The key to effectively treating many kinds of serious injuries and medical conditions is often early diagnosis. Recognizing the signs and symptoms of a disease in a timely manner not only allows for prompt intervention but also goes a long way to prevent the condition in question from progressing. Unfortunately, though, medical negligence on the part of trained physicians is known to prevent many patients from receiving life-saving treatments. If you or a loved one is now forced to confront the consequences of a delayed or failed diagnosis, it is important for you to understand your legal rights and options. That is why the attorneys at Cok Kinzler, P.L.L.P., are committed to advocating on behalf of our clients and medical malpractice victims.
Montana residents may know that the effects of traumatic brain injuries are varied. One such effect may be the loss of the ability to move the muscles of the tongue and lips to form words. When this happens, the words may be distorted, or a very different word might be substituted.
It is estimated that 2.5 million people a year around the country will suffer from a traumatic brain injury. After an injury occurs, doctors and family members will work together to help an injured Montana patient live as normal a life as possible. The type of rehabilitation program designed will depend largely on the type and severity of the injury suffered. For instance, a person who is in a coma will receive specific care to manage symptoms.
As Montana residents may know, an increase in the number of measles cases has caused a flurry of discussion about vaccinations. Some physicians have expressed concern that misdiagnosis in the initial stages of the disease is possible. According to the Annals of Internal Medicine, physicians should familiarize themselves with the symptoms of measles and keep a close eye on any patients exhibiting symptoms that might be potential cases. Many younger physicians have never seen the disease.
Montana patients may be shocked to learn that, on Dec. 17, 14 people were criminally charged for their alleged role in a meningitis outbreak that left 64 people dead. Authorities suspect that he outbreak, which occurred in 2012, was caused by the use of expired, improperly sterilized ingredients by pharmacists.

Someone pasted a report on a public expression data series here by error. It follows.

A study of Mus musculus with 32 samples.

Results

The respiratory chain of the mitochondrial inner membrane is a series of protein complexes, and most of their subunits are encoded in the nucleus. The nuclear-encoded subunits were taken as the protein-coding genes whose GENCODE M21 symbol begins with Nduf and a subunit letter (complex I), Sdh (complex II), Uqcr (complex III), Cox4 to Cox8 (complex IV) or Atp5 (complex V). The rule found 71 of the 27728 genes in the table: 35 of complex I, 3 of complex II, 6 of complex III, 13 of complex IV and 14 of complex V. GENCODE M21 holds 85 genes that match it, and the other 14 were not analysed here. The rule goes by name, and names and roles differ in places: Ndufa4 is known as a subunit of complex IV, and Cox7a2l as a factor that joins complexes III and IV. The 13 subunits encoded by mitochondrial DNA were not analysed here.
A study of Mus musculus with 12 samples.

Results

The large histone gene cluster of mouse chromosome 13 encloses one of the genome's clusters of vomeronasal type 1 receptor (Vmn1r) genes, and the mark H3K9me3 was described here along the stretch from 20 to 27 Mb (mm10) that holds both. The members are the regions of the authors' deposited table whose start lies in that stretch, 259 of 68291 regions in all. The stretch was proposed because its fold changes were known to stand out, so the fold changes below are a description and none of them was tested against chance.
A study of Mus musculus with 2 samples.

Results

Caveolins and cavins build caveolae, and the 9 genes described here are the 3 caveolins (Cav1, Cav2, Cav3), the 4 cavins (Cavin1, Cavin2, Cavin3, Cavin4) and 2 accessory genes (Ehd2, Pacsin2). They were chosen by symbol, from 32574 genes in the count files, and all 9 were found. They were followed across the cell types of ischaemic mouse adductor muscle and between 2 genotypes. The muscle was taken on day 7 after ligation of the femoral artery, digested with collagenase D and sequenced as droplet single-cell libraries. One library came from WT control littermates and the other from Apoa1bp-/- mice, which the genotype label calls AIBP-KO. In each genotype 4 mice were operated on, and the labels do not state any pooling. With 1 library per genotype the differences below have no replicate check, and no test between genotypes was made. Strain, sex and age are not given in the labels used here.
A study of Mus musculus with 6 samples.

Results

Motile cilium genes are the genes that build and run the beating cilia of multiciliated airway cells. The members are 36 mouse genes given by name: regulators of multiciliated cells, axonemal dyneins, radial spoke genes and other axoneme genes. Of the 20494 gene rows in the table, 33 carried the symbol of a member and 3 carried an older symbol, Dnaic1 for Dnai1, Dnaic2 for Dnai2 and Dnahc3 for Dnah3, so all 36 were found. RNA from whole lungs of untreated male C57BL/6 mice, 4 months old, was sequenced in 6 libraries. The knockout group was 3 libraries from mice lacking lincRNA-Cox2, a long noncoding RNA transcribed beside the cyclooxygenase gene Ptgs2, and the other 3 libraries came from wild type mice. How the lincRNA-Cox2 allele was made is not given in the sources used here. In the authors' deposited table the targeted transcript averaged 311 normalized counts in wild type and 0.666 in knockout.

Victims of brain injuries in Montana face higher overall medical and rehabilitation costs than those with other types of injuries. As the associated costs are so high, insurance companies have reacted by slashing the number of days people are initially hospitalized as well as the amount of time spent in rehabilitation for the injuries.
Under Montana law, there are specific limits on legal actions regarding medical malpractice cases. These limits are intended to clarify the definition of medical malpractice. They also establish time limits during which legal actions are permitted to take place.
Montana residents might take an interest in an article that describes the 12 most commonly misdiagnosed conditions. An MD, who is also the American College of Physicians' Board of Governors internist and chair, insisted that good doctors do not feel threatened when patients seek a second opinion.
According to the Montana Highway Patrol, the Bozeman district was reported have the second-highest motor vehicle fatality rate in the state so far for the year 2014. As of July 14, statistics revealed that 14 lives have been lost on roads within the district, which nearly doubles 2013's total count of eight fatalities.
Montana residents may be interested in the recent case of a Boston man's prolonged battle with Lyme disease. Surprisingly, the biggest problem was not the disease itself but rather the difficult of diagnosing the disease. A variety of problems caused what would have been a relatively simple treatment to become a 10-month ordeal that left the man in terrible pain and with additional health problems caused by incorrect treatments.